Yu-Gi-Oh: The Abridged Series.
I’ve never watched Yu-Gi-Oh before, but if you’ve ever seen DragonBall-Z and you’re passingly familiar with Pokemon then you’ll pick right up on what the show is about. The Abridged Series is a homemade (?) parody of the absurdities of Yu-Gi-Oh and all those others childrens’ game-promoting anime shows. There seem to be 11 episodes in the Abridged Series so far, each roughly four minutes long. They remind me a lot of Shamus’ comics in the sort of self-referential humor they employ. Great fun, I was laughing out loud at every episode.
Halo Wars: A real-time strategy game in the Halo universe. I’m not a huge Halo fan but I do think it is one of the best console shooters out there. I have to wonder what sort of liberties they’re taking with the background of the Halo setting, though. According to everything I’ve read about the game universe, the Covenant aliens completely overwhelm the Humans militarily. It’s also a bad sign that it’s not being developed by Bungie.
I don’t recall where I originally found this article by John Derbyshire. It concerns the religiously-motivated enslavement of Christians by Muslims on the Barbary Coast from roughly 1500 to 1800 AD.
The effect on the European coastal populations was dramatic. Entire areas were depopulated. The author even sketches out an argument that the culture of baroque Italy was determined in part by a turning inward from the terrors of coastal life — from the “fear of the horizon” that afflicted all the regions subject to slave raiding. He tells us (he is professor of Italian Social History at Ohio State University, by the way) that to this day there is an idiom in Sicilian dialect to express the general idea of being caught by surprise: pigliato dai turchi — “taken by the Turks.” The distress of those left behind, deprived of a husband of father, is painful to read about.
The blog 2Blowhards is one of my regular reads, and I occasionally peruse the blogs in the Blowhards’ sidebar. One of the ones that I checked on a semi-regular basis was Sixteen Volts, a blog by Ilkka Kokkarinen, apparently a professor at a university in Canada. So, through the magic of the internet, I was reading a blog by Dennis Dale. I don’t recall how I ended up there, but I ran across this sermon by Dale, on engagement with the world. Then, once I had finished the sermon, I reloaded the page and noticed this post on “Suppressed Voltage.” Apparently, Sixteen Volts was shut down by the Political Correctness police, and Ilkka’s blog now only displays a message that has been fabricated by the brownshirts and posted under his name:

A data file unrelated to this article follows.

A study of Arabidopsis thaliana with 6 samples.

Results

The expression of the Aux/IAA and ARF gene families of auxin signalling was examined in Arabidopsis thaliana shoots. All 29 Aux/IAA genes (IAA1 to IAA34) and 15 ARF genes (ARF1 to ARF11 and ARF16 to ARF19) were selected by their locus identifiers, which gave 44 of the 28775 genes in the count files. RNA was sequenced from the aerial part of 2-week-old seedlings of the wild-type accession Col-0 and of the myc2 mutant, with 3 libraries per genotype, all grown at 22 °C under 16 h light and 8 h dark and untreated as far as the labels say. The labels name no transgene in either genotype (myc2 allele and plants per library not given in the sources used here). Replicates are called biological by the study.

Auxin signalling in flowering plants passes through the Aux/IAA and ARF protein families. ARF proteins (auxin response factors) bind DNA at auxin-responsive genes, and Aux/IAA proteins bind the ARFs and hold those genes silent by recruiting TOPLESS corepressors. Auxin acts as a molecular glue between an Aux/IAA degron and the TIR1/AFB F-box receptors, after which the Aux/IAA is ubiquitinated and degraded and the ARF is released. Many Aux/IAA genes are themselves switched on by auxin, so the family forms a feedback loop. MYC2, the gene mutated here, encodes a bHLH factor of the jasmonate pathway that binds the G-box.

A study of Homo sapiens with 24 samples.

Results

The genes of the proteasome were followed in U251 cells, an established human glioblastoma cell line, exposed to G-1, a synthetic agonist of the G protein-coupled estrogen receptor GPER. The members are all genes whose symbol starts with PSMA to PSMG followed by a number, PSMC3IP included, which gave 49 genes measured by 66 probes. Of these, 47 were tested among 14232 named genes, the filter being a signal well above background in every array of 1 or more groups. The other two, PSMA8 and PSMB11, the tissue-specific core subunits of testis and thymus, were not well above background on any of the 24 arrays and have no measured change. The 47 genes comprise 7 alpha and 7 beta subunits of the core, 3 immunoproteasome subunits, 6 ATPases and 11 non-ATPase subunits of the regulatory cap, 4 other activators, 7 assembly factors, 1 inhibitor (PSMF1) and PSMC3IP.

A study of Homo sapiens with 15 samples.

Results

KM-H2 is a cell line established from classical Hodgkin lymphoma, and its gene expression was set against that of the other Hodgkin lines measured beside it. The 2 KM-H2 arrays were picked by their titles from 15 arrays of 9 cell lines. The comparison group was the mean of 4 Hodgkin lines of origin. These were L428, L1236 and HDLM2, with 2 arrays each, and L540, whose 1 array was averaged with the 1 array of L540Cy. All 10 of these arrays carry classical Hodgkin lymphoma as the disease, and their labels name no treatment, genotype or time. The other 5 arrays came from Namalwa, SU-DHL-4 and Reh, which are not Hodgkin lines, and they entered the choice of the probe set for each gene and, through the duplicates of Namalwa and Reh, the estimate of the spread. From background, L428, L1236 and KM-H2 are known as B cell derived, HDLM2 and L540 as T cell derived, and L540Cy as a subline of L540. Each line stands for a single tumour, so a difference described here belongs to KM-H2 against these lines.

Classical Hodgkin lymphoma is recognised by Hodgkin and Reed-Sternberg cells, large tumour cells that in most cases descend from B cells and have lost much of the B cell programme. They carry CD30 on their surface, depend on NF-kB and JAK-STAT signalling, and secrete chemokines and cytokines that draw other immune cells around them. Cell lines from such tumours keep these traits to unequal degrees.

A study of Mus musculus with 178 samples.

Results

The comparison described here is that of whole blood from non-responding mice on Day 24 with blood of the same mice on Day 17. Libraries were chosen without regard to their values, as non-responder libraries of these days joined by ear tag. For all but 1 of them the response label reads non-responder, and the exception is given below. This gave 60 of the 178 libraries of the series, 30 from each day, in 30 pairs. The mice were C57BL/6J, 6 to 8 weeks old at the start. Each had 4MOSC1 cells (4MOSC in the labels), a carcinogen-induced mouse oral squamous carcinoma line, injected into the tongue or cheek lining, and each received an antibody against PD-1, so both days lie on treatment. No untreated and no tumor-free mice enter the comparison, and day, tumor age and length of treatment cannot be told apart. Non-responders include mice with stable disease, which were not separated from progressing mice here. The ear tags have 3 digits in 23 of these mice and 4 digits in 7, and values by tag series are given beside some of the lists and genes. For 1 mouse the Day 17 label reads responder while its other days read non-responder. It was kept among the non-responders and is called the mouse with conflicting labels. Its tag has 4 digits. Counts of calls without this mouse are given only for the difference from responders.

A reader asked me not to delete this blog so that some spammer wouldn’t grab it. So I will leave this post as the tombstone for this ugly little blog that brought out the vilest in me and has now left me in deep shame for the rest of my life. Always remember this, kids: you may not really be as witty and edgy as you think you are; the Internet amplifies everything, especially your most ridiculous stupidity, so don’t go writing callous things even during those days that you happen to feel depressed and like shit and you need that feeling of not caring; limits usually exist for a good reason; your imaginary enemies are not the same as the real breathing people; groups are not monolithic so that all their members equal the one you hate the most and who may or may not return the favour; and finally, remember that regardless of their labels, all people are individuals with feelings, fears and hopes that you really, really should always respect.
Steve Sailer has an excellent writeup here.
Via Aaron Haspel I find this little gem. A few months ago I downloaded, via iTunes, a series of poetry readings held at Yale or Princeton or some-or-other place. Sadly, I just can’t bear to sit through them, so tedious and dreary they are, and so horrid the poetry. Good to know that I am not the only one who finds the literary social cult to be the anathema to good. A money quote from Aaron on his Ideal Reader, Conrad Roth: “we both regard “poetry-lovers” as the very people from whom poetry urgently needs to be rescued.”
Typical internet-stumbling also caused me to run across this little rant by Andrea Harris on the Oprah-fication of literature. Inspired by this Udolpho rant, the one thing in particular that strikes me about Harris’ rant is the eerily accurate characterization:
And paired with this evil liquid substance is the older, yet no less poisonous, potion that is traditional female morbidity. Too many women of my acquaintance (young and old) are addicted to those creepy medical shows that seem to only feature children with deforming diseases or people who have been in horrifying disfiguring accidents. … The morbid nightmares that too many women are attracted to all have the smell of hospitals and the grave about them.
Curious, yet seems to be true. I think I prefer the realm of the living.